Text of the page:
Letter urges families to update children's vaccinations at Barlow High School.

CONTRIBUTED PHOTO: CENTERS FOR DISEASE CONTROL AND PREVENTION - Somebody is not happy about getting her vaccinations to protect against whooping cough and other diseases. A student at Barlow High School came down with a case of pertussis, commonly known as whooping cough, prompting school officials to send Barlow families a letter reminding them to make sure their vaccines are up to date.

Dr. Jennifer Vines, Multnomah County's deputy health officer, confirmed the case and said the letter went out Tuesday, Jan. 9.

"The illness usually begins with cold-like symptoms, such as a runny nose or an irritating cough," the letter said. "The cough can become severe, with violent episodes of coughing, and can last for weeks to months. Sometimes there can be a "whooping" sound in young children, and some people vomit after coughing. Usually, there is no fever."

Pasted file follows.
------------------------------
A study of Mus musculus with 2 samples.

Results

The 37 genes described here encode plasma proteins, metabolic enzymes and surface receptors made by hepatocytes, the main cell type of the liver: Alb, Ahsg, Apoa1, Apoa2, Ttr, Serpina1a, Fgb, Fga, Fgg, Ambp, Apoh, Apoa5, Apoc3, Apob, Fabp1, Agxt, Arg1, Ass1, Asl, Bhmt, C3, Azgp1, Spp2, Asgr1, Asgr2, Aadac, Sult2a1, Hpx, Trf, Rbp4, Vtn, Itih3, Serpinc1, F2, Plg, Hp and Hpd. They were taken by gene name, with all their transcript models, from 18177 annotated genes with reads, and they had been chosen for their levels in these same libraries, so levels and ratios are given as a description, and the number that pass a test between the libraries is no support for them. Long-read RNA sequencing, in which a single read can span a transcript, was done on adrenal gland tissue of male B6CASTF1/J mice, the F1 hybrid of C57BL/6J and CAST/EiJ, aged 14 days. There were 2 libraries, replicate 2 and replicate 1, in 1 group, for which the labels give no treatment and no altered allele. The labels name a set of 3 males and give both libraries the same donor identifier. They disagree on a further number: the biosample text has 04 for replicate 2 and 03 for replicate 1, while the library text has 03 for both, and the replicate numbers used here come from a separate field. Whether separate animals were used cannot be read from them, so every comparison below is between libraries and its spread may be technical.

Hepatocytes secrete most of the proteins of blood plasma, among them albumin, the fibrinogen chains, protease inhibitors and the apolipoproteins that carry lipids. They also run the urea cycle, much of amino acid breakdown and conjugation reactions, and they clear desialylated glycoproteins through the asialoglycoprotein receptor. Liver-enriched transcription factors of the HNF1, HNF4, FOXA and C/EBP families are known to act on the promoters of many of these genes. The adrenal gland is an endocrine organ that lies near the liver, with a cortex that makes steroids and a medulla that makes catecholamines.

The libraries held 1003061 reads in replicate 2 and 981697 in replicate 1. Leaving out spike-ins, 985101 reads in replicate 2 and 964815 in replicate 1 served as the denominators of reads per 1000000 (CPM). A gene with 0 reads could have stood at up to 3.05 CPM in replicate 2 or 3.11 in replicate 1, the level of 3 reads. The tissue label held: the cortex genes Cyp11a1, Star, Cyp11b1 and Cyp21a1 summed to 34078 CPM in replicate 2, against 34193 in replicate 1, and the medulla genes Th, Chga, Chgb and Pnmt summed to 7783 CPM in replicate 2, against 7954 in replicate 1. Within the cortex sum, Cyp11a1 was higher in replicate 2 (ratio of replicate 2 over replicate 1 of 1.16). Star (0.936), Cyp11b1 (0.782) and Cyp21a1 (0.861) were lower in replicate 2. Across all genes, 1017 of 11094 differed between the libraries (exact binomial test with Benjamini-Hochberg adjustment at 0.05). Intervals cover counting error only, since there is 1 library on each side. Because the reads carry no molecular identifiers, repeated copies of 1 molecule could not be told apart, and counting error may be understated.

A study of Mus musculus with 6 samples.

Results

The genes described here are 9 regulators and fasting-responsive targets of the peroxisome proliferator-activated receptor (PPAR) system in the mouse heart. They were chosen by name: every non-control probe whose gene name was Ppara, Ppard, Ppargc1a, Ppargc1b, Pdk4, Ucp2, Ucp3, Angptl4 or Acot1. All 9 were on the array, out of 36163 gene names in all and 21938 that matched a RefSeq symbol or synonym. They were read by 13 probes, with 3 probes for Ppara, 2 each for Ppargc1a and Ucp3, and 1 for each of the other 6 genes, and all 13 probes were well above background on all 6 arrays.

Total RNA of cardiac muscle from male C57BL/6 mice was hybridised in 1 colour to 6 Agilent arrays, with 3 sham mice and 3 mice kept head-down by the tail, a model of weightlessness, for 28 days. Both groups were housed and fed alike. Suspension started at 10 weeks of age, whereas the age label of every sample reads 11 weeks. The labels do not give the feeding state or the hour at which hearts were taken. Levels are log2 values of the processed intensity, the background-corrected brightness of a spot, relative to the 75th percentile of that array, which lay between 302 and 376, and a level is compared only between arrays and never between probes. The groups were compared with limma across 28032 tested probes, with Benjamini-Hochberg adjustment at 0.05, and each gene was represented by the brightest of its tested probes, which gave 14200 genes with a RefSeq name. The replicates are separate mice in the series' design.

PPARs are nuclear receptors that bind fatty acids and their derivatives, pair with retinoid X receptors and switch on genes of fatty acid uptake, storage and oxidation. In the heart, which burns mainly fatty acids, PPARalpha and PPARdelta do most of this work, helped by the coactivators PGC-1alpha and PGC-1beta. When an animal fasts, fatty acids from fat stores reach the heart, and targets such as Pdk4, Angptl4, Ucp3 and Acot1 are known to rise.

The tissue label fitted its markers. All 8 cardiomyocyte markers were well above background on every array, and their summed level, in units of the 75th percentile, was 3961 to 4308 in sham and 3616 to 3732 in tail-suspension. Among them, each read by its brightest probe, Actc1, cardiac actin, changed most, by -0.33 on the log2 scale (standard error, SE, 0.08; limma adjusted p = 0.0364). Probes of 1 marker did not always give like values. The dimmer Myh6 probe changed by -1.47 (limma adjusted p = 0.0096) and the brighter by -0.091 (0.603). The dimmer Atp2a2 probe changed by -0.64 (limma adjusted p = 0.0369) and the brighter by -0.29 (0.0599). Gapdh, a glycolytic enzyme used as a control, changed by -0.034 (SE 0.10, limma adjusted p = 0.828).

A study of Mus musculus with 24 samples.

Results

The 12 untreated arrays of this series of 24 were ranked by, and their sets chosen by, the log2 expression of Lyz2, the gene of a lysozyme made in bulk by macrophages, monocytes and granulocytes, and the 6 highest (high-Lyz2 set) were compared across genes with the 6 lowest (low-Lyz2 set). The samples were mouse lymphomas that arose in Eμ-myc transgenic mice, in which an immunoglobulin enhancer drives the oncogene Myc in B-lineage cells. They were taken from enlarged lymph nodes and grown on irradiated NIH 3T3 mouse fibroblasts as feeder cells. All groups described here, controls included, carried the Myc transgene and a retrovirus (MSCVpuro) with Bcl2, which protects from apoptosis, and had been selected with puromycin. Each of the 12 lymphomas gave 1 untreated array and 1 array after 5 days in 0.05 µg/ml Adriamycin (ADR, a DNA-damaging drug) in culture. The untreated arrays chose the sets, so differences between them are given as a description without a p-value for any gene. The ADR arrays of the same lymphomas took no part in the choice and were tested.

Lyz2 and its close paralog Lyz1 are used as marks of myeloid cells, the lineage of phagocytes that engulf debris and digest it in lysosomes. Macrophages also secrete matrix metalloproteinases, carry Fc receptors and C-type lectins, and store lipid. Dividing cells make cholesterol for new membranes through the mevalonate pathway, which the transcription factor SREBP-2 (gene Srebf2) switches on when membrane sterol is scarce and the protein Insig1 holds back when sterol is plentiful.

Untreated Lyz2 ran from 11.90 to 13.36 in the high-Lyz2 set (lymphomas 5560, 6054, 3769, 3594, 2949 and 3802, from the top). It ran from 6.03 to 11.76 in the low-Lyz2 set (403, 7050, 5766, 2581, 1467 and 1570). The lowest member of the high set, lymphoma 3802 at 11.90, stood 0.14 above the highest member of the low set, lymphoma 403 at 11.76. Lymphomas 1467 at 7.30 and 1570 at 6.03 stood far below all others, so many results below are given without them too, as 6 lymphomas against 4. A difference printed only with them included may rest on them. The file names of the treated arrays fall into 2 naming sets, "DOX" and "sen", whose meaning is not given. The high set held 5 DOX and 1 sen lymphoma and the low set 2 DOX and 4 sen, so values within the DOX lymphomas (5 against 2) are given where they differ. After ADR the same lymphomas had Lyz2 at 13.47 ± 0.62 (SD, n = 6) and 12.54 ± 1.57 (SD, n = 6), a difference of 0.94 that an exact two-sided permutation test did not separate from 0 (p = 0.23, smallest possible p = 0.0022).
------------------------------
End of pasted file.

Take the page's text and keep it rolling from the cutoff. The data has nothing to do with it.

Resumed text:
The letter "reminds people to make sure their vaccines are up to date and watch for symptoms," Vines said.

There have been no other cases reported this year in East Multnomah County. Privacy rules prohibit identifying the student with pertussis.

People who are up-to-date on their shots can still come down with whooping cough. "Unfortunately, the pertussis vaccine is good, but not great. We do see cases in kids that are vaccinated," she said. "Fortunately it is not life-threatening in teens."

But it can be serious for children aged 1 and younger, who are "still getting their vaccines."

"Anybody with cold symptoms should stay home from school and work and contact their health care provider," Vines advised, "and avoid contact with children younger than 1 year old until you know you don't have pertussis."